The countryside is key: we respond to a new climate change report urging rapid action
The Committee on Climate Change has today released its annual progress report on how the country is doing. We respond to the report’s calls for urgency.
Each year, the Committee on Climate Change (CCC), created in 2008 as an independent body, reports to the government on progress on action against the climate crisis. In 2020, this report confirms: more needs to be done, and fast.
This year is seen through the prism of the global pandemic, and the report includes a natural emphasis on the economic recovery that will be vital as we emerge from lockdown. But the recommendations to parliament are very clear: this must be a green, resilient recovery – one that moves us faster towards zero emissions and prepares us for climate change.
The countryside will be essential
The recommendations from the CCC – such as restoring peatlands, investing in nature and moving to green energy – are in line with what we at CPRE, the countryside charity, have long been calling for. It’s clear that for the kind of green recovery that the CCC urges, the countryside must play a central role.
Commenting on the annual progress report, our chief executive Crispin Truman said:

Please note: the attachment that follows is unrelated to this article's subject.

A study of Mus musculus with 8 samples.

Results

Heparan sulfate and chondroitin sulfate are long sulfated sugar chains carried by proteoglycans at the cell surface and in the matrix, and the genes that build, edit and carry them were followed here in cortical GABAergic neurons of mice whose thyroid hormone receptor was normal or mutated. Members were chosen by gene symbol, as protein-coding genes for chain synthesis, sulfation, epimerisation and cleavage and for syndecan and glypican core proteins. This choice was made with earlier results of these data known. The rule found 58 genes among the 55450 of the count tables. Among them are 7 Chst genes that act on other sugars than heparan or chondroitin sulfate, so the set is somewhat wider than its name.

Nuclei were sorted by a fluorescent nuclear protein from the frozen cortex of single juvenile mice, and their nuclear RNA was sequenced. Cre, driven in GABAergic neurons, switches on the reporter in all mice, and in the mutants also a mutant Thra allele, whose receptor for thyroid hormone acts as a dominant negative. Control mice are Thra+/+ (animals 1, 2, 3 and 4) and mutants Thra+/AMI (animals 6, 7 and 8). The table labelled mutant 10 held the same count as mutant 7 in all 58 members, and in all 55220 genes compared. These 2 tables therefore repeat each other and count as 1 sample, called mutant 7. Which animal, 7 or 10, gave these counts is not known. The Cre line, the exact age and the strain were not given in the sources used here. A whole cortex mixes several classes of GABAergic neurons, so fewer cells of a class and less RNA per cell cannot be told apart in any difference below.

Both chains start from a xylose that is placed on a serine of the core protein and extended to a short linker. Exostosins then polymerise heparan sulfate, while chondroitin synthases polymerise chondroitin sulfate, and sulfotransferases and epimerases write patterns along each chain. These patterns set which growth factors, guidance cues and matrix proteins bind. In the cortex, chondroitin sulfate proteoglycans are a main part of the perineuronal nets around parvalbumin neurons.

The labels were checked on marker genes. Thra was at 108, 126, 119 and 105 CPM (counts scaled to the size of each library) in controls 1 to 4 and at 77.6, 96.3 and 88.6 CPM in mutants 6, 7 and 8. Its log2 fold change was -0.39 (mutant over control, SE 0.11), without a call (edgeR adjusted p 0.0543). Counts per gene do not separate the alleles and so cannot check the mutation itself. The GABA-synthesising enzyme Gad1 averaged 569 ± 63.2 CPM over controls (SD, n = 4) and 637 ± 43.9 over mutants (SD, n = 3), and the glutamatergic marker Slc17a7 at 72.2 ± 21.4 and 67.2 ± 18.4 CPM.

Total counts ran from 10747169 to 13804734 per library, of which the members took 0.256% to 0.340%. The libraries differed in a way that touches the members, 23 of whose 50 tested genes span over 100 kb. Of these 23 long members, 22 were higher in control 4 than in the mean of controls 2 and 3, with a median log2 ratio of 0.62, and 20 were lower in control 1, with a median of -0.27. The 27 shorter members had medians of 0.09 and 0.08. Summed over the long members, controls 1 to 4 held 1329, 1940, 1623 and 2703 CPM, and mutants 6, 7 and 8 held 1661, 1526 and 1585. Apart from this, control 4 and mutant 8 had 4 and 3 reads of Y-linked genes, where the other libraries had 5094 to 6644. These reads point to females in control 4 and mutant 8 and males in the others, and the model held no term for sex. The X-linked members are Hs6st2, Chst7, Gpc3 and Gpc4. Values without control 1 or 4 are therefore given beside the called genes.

‘The government is slowly waking up to the invaluable role the countryside and rural communities can play in tackling the climate emergency. For too long, the role of the countryside and nature based-solutions have played second fiddle to large, glitzy ambitions.
‘Today’s report from the Committee on Climate Change shows that tackling the climate emergency, caring for the countryside and rebuilding the economy post-pandemic can, and must, go hand in hand.’
The countryside is rich in potential, with many proposed actions benefiting not only work against the climate emergency but also bringing jobs, aiding rural economies and enhancing wellbeing. As the report says: ‘Investing in nature, including in our towns and cities, offers another quick route to opportunities for highly-skilled employment, and outcomes that improve people’s lives.’
CPRE agrees. Crispin Truman urges the government to call upon the ‘toolbox’ that the countryside can offer:
‘Let’s harness the awesome power of our countryside and rural communities to tackle the climate emergency head on. That means properly investing in rural public transport, delivering renewables sensitively and investing in nature-based solutions like peatland restoration and hedgerows.
‘We know that some of the best ways to reduce our emissions make our countryside more resilient. That’s why we’re calling on the government to scale up action to tap into nature’s toolbox and by investing in countryside and nature-based solutions to the climate emergency – like increasing hedgerow cover by 40 per cent by 2050.’
Now is the time
The annual report also emphasises the challenges that coronavirus threw up – but also the potential that this moment of great change can offer.
The CCC Chairman, Lord Deben, said: ‘The UK is facing its biggest economic shock for a generation. Meanwhile, the global crisis of climate change is accelerating. We have a once-in-a-lifetime opportunity to address these urgent challenges together; it’s there for the taking.’